How climate change is fueling conflict around the world
'Climate change acts as a threat multiplier, increasing instability around the world'
This week, the United Nations' Intergovernmental Panel on Climate Change issued a dire warning on global warming.
The report said even an additional 0.5 C increase in the Earth's temperature would mean catastrophic crises — and that could happen as early as 2030.
It may be hard to see a connection between ISIS and climate change, but Sherri Goodman says that global warming is not only heating up the planet, it's also heating up conflicts around the world.
Goodman, a senior advisor for International Security at the Center for Climate and Security in Washington, D.C., says droughts and food shortages play a role in exacerbating tensions in areas like the Arctic, Syria and North Africa.
"Climate change acts as a threat multiplier, increasing instability around the world," Goodman said.
And that's likely to get worse.
Risks in the Arctic
According to Goodman, climate-related risks are already shaping international geopolitics and security, and the North Pole is one of the places where global warming feeds security risks.
"Climate change has already opened up a whole new Arctic Ocean that was previously inaccessible to most people," she said.
That ocean is now well-travelled by ships from different countries, including China, which is eyeing shorter routes to key European markets.
The ship traffic raises risks of accidents, including oil spills, Goodman says.
But as several countries, including the U.S., Russia, China and Canada, eye the Arctic for its riches, tensions are increasing around shifting sovereignty.
"Geopolitics are changing on a regular basis now," Goodman said.
Drought and war in Syria
Syria is another place where climate change has played a role in conflict, says Goodman.
Although the war in Syria is multi-sided civil war, she says drought played a role as well.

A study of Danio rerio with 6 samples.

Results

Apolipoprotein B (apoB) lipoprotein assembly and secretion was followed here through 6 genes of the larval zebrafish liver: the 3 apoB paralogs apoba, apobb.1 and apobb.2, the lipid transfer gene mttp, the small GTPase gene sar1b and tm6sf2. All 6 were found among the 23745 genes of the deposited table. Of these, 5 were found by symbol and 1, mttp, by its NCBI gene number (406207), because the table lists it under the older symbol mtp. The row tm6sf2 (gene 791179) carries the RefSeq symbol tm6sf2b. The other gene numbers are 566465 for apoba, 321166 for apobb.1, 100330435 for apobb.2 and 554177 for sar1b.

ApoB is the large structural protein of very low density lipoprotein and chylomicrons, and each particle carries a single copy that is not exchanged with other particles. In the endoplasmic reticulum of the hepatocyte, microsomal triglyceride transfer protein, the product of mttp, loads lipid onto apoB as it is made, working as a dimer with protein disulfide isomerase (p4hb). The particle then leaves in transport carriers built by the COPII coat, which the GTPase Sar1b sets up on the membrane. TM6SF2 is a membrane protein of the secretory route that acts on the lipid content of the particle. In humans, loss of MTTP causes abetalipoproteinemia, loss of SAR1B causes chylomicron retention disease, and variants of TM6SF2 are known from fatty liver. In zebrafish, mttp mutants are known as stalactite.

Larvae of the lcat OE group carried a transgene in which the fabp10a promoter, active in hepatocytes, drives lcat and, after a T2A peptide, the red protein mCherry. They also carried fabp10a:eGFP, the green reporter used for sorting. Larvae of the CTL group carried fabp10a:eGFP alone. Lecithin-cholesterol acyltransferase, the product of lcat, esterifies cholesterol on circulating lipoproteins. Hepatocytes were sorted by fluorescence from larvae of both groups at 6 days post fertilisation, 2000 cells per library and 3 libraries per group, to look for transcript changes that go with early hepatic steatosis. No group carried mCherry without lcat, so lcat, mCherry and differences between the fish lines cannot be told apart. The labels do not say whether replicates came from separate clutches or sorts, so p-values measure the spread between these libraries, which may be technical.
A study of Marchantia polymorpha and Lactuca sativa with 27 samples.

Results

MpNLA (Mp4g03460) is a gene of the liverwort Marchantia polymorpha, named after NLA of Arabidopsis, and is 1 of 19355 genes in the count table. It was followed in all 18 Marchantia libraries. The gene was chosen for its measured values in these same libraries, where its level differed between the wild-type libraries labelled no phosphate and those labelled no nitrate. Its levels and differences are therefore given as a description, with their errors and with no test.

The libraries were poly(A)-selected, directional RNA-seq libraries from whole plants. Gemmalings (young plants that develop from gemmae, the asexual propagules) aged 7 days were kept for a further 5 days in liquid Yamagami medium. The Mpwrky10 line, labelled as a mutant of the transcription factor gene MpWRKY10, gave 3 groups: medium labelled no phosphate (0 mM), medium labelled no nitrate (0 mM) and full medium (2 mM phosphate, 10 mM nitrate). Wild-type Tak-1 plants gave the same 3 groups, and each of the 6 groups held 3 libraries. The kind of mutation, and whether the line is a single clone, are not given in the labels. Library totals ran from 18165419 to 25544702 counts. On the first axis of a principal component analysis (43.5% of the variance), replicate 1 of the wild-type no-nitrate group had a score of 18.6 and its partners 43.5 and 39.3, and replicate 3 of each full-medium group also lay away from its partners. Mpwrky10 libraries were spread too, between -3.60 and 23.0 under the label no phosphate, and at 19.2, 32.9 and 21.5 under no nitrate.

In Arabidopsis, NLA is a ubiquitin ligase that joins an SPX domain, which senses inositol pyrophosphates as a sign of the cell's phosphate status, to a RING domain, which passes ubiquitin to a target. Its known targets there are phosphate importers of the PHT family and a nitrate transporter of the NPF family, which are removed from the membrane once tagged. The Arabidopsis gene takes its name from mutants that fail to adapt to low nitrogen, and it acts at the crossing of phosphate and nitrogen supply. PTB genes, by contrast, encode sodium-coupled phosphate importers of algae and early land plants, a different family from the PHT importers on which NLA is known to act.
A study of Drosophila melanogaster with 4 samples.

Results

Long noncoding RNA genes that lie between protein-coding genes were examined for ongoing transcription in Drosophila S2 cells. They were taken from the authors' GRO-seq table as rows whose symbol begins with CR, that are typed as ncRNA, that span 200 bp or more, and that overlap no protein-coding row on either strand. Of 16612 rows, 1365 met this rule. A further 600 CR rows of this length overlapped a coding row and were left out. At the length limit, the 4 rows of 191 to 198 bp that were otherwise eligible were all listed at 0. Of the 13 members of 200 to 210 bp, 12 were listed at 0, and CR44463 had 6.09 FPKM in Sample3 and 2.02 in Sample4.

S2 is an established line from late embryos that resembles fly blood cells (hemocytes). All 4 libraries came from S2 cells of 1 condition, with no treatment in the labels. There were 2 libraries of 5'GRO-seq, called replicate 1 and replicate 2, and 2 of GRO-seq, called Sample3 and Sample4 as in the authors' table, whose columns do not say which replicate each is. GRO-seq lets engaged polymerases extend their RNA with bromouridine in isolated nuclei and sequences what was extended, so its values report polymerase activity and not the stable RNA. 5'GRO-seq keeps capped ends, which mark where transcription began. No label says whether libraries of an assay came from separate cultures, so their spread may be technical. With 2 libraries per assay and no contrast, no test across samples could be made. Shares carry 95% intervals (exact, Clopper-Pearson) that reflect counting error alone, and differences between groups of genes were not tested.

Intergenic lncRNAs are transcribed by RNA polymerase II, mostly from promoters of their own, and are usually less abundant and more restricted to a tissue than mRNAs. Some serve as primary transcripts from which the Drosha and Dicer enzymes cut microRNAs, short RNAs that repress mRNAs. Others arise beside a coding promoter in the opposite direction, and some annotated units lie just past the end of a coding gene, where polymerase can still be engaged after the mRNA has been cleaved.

"The prolonged drought that Syria experienced in the years preceding the conflict drove many Syrians from the field to the city, when they were unable to provide crops and therefore take care of their families," Goodman said.
"So they migrated to the cities seeking food and water, [and] that created tensions in the in the urban areas."
Food shortages were also used to pit people against one another, says Goodman. She adds that when water and food are scarce, they are weaponized by terrorists.
In drought-prone parts of Mali and Niger, ISIS affiliates have gained a hold of scarce resources — by blocking dams, for example — and use that as a leverage to coerce support.
Terrorists would "essentially weaponize the water to give them power over different communities," Goodman explained.
Growing tension in Pakistan
In Pakistan, flooding has already killed thousands of people in recent years. The melting Himalayas cause floods in some parts of the country, while other regions face drought.
Water scarcity is, as a result, giving rise to tension, Goodman says.
The impact of flooding in one area combined with drought in other others "could become a match like the match that set off the Arab Spring uprisings years ago."
"You have to understand Pakistan is a nuclear-armed, politically unstable country," Goodman added. "So it wouldn't it wouldn't take much."
But even as countries like the United States are preparing militarily for climate-related security risks, it's hard to say whether national security could compel leaders around the world take action on climate change, Goodman says.
"There's so much there's so much on predictability [around] what's going to change that debate."